Over the past several decades, aging has been identified as one of the biggest risk factors for heart attacks, usually affecting men over the age of 50 and women over 65, but now, people in their twenties, thirties and forties are falling victim to these cardiovascular attacks.
According to a website report,healthline“There are some reasons why we are seeing a rise in heart attacks in young people, but one of the biggest risk factors is an increase in type 2 diabetes.
We are now seeing heart attacks in young people as young as 25 or 35.” Twenty years ago, more screen time dramatically affected how much we moved as well, even jobs became more sedentary and less physically active than in decades past.
Heart experts have always thought about primary and secondary prevention when it comes to heart attacks, in terms of preventing the first heart attack and then trying to prevent the second.
But recently, there has been a shift in the idea of primary prevention, and that means trying to prevent the development of the heart attack risk factors themselves. This includes trying to change the social and environmental conditions that can develop and advance risk factors. These are things we control like exercise, eating nutritious foods, and not Smoking and stress and blood pressure control.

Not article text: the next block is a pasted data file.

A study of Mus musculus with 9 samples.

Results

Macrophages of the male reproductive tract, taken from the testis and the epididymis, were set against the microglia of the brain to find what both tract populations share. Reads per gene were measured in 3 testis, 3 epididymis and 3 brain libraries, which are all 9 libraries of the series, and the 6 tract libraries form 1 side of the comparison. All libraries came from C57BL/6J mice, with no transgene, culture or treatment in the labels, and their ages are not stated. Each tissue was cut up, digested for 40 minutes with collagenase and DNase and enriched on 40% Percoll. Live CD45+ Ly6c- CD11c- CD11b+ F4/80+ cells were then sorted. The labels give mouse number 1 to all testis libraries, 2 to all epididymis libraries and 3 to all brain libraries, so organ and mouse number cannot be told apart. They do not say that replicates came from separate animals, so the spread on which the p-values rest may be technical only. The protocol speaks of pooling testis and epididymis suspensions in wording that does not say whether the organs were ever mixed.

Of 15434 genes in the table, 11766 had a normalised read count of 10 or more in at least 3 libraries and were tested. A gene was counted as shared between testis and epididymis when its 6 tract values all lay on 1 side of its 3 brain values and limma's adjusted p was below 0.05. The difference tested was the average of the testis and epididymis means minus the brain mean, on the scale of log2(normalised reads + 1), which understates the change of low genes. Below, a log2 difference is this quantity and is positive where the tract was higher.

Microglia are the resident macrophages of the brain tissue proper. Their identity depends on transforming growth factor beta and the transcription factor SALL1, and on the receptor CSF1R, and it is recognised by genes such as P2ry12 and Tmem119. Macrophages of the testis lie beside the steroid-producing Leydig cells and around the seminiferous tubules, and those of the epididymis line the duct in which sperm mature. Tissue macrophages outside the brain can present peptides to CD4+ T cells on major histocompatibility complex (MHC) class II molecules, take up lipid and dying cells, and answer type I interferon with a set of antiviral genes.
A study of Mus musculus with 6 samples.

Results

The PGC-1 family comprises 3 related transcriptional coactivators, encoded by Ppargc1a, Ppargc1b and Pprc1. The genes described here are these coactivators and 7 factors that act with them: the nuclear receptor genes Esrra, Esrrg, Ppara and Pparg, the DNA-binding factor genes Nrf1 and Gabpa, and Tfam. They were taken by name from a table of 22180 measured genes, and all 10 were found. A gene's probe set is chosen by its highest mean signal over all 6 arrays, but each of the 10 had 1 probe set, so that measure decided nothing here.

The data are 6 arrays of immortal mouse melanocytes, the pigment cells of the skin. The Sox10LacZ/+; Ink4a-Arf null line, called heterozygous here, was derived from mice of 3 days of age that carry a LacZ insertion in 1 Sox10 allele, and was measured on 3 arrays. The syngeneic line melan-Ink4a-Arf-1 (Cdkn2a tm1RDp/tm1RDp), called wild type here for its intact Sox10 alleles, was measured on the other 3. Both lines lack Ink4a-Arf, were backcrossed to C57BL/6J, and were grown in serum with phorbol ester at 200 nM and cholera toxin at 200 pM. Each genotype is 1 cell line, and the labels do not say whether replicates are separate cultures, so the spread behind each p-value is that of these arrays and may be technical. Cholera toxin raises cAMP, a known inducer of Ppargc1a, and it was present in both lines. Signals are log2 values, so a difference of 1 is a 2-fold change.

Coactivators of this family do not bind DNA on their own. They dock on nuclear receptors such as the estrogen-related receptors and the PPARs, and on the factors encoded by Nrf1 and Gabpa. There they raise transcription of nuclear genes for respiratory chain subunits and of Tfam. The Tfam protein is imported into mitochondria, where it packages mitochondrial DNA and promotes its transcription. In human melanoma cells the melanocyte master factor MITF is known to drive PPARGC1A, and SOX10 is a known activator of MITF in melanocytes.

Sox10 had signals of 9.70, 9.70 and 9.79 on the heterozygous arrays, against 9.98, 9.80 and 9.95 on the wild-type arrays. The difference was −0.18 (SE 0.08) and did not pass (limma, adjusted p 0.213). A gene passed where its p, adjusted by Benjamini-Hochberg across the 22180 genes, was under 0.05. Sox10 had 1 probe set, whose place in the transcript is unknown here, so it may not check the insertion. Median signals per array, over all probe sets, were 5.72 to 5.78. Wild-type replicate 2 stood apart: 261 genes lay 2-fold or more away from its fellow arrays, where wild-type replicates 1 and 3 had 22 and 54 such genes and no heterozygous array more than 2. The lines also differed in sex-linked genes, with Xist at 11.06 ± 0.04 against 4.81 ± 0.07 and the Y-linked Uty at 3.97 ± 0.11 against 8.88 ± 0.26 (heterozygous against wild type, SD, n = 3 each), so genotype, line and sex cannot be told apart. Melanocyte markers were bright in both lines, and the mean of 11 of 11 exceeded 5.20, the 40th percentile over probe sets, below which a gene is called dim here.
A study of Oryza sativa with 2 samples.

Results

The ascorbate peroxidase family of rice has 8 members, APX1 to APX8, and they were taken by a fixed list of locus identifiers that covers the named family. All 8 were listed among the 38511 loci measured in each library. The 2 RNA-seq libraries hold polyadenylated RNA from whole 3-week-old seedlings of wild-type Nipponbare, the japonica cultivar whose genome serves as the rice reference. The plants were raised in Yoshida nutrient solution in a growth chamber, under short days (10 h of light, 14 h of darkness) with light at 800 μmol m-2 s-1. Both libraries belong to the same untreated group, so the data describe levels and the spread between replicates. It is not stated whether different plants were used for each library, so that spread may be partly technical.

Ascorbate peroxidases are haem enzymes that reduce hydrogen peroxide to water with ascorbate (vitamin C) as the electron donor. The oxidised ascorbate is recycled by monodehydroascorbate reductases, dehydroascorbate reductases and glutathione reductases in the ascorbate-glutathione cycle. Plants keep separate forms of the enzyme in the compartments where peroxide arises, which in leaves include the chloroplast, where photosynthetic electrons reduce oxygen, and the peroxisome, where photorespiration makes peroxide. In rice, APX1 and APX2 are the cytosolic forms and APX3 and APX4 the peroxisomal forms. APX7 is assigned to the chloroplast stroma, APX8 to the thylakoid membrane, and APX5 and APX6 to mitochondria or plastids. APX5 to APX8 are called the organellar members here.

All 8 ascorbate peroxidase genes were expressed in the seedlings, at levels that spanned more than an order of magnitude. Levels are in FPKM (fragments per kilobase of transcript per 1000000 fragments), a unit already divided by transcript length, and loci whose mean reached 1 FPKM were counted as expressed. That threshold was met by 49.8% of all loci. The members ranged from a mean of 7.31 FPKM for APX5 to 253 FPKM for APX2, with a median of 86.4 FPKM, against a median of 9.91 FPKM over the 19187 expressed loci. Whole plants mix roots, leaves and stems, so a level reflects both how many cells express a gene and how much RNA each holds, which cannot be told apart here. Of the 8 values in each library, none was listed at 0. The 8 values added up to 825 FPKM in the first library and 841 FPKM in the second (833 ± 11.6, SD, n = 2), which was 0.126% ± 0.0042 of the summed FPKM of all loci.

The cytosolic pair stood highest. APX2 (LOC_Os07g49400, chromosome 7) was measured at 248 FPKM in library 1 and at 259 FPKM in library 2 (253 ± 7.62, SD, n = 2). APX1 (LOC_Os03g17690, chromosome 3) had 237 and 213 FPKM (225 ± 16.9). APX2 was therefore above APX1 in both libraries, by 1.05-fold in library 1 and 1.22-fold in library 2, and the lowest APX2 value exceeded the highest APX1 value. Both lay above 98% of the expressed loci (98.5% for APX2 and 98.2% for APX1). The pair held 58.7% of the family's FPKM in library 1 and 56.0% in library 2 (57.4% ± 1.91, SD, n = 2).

Basic prevention also includes education about behaviors that put you at risk for cardiovascular disease. These include:
- Bad diet and lack of exercise.
- type 2 diabetes mellitus
- high blood pressure.
- High body fat.
- Having a family history of cardiovascular disease.
Who is at risk of a heart attack?
Heart attacks can happen to anyone — but the risk is especially high when genetics play a role, and primary prevention is essential for those with a family history of heart disease.
The risk of congenital heart disease is determined by having a first-degree male relative (such as your father, brother, or son) under the age of 55 with a history of heart attack or stroke, or a first-degree female relative (such as your mother, sister, or daughter) under the age of 55. Age 65 with a heart attack or stroke.